90
Carter Horsley
Review by Carter Horsley
Carter Horsley Carter B. Horsley, a former journalist for The New York Times, The International Herald Tribune and The New York Post. Mr. Horsley is also the editorial director of CityRealty.com.
 

This 17-story, 40-unit cooperative apartment building, clad entirely in limestone, at 19 East 72nd Street on the northwest corner at 72nd Street probably has the best base in the city.

There are many, although not enough, limestone-clad luxury apartment buildings in the city. Such façades, in fact, probably are the easiest clue that an apartment is truly "luxury," which is not to imply that brick and glass structures are automatically not "luxury."

Many fine apartment buildings may only have limestone bases and most are rusticated, that is sharply or roughly delineated as large blocks, usually in a quite bold, horizontal pattern following  the model of many Italian Renaissance palazzos.

Here, the magnificent, sinuous, very graceful and subtle arcs of the base’s curves are superbly proportioned and soften what would otherwise be the traditionally hard edges of the building.

The vertical curves, which are limited to the lower three stories, give the otherwise quite formal building an undeniable and memorable air of graciousness. They are a constant reminder that too many developers, architects and particularly building managers are contemptuous of pedestrians and their occasional need or desire to lean, sit or perch against or on a building and that curved surfaces are more inviting than spikes, or hard edges.

The use of curves in modern architecture was fairly uncommon simply because it is not "industry-standard" and costs more. The huge popularity of architect Frank Gehry's geometric convolutions, such as in the Guggenheim Museum in Bilbao, Spain, however, has encouraged more usage of curves.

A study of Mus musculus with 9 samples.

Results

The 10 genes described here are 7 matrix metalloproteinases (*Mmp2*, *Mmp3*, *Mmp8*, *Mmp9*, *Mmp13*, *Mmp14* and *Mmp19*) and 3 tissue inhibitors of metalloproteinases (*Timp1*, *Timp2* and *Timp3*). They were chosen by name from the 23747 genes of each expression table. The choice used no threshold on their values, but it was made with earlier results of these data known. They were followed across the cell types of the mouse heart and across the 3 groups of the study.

The rectilinear street grid of most of Manhattan, of course, is still very influential, almost as much as the city's building code and the economic realities of development.

This building's canopied entrance is framed with very pleasant bas-relief sculptures of animals by C. Paul Jennewein and there is a pleasant garden visible from the lobby.

The top of the building, which was completed in 1937 and converted to a cooperative in 1949, has some unusual windows, reflecting some unusual apartments, although the façade above the base is quite plain.

The building was designed by Rosario Candela and Mott B. Schmidt for John Thomas Smith who occupied the west half of the 14th and 15th floors.

It replaced the very large and impressive 9-story town house of Charles Tiffany and Louis Comfort Tiffany of jewelry and Art Nouveau lamp fame

Because 72nd is a Central Park transverse road as well as a major cross-town street, there is considerable traffic at this location, which is convenient to famous boutiques on Madison Avenue and many leading art galleries and museums.